Autumn 1994

Jekyll and Hyde

Letter from Nick Franchini in Eye 14


I agree with Malcolm Garrett that he can see both sides of an argument. His interview in Eye no. 12 vol. 3 is like an interview with two different people. I am writing to issue a note of caution because it appears that his avowedly blinkered approach to interactive design has created a Mr Hyde in him who threatens to eclipse Dr Jekyll.

In Garrett’s case, Dr Jekyll has a healthy respect for ‘the context, message and medium’, but Mr Hyde does not. Like others in the multimedia firmament, Mr Hyde is using technology as a Trojan horse to break into areas of the creative process he does not seem to understand – writing and editing. This is dangerous because like everything else, the development of interactive solutions must begin with the word – words facilitate the delivery and exchange of information, communicate expertise and understanding, and are the most effective means of presenting arguments and packaging detail. Without an intelligent use of words we cannot have concision, and interactive solutions need concision even more than primetime TV.

Mr Hyde skates over this in the interview because he wants graphic designers to take centre stage, but by doing so he is burying Dr Jekyll’s understanding of the nature of information. It is the inarticulate Mr Hyde who chooses the Oxford English Dictionary as a good example of interactive publishing and in the process betrays the poverty of his thinking. The OED is raw information which is not context-specific but self-contained.

In the wider world, information is interwoven with diverse processes and contexts. Reorganising or re-engineering these for interactive solutions requires a far wider set of skills. ‘Intuitive paths of retrieval’ do not just happen; they have to be created on the back of ‘decision trees’ with built-in expertise that enables everything to look and feel easy to use. The decision trees require experts in the subject matter and professional writers to create a dialogue-based process of information retrieval (and possibly exchange!) that grabs attention, holds interest and provokes desire and action.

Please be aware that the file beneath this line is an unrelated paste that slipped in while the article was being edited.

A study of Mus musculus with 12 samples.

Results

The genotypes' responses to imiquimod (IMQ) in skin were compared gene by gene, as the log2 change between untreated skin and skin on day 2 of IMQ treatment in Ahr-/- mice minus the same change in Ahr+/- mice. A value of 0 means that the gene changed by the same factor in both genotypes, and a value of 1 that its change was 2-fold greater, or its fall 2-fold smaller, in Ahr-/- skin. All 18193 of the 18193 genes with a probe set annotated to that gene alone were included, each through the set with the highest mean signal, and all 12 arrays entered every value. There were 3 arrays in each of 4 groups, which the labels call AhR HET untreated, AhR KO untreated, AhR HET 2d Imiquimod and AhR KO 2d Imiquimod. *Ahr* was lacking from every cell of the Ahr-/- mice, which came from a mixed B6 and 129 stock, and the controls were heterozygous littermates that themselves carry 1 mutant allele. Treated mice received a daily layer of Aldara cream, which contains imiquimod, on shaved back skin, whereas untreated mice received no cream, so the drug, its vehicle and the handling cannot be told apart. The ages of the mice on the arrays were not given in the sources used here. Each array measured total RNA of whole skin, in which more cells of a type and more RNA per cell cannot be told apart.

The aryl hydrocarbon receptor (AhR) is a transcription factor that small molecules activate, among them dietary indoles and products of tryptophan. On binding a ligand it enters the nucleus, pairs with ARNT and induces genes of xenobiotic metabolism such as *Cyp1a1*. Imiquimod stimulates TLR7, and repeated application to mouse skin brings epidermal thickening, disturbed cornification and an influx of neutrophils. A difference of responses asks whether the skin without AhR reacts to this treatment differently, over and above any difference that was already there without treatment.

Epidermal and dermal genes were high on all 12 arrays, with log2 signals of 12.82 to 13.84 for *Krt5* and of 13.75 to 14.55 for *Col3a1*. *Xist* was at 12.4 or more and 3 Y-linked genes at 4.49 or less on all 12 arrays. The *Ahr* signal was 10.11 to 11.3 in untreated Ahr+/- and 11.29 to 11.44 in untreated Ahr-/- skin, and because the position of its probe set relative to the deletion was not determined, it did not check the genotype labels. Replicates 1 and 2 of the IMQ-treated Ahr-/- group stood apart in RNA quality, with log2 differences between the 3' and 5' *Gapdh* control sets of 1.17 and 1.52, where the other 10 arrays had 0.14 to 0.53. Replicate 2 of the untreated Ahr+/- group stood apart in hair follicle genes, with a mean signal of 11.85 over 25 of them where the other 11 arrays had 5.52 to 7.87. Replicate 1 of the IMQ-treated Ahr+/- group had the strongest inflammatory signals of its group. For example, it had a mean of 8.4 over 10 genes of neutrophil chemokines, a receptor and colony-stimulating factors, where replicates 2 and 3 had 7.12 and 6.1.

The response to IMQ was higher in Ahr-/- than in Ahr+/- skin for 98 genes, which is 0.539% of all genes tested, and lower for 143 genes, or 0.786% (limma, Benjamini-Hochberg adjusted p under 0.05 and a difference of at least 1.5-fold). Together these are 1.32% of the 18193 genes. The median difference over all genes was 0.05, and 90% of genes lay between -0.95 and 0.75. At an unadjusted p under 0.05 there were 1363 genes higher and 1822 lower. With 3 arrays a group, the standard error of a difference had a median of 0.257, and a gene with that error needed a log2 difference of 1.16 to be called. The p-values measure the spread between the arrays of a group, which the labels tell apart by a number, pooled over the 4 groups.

Mr Hyde is right to highlight the relevance of television, but in his blindness he gets things the wrong way round. It is the interactive designers who need help. Interactive solutions would benefit from the familiarity that broadcast professionals have with a time-based medium, their editorial strength and their ability to wrap up information in a story or dialogue.

The lack of this expertise is all too obvious in most of the interactive information solutions pioneered by graphic designers. Too often they say the wrong thing to the wrong person in the wrong way at the wrong time. They leave users fazed and confused.

Like the early film-makers, graphic designers are too focused on space and composition to deal with an equally important variable – the dimension of time. They are no more suited to directing interactive solutions than they are to directing movies.

In interactive solutions the most important thing is to create a process and a dialogue. If that process and dialogue are then given as a brief to interactive designers who understand that ‘less is more’, you may get something that everyone will really want to use – interactive solutions where ‘computers become invisible’, like they are in the best of science fiction.

I bet Dr Jekyll would agree.

Nick Franchini, London


Eye is the world’s most beautiful and collectable graphic design journal, published quarterly for professional designers, students and anyone interested in critical, informed writing about graphic design and visual culture. It is available from all good design bookshops and online at the Eye shop, where you can buy subscriptions, back issues and single copies of the latest issue.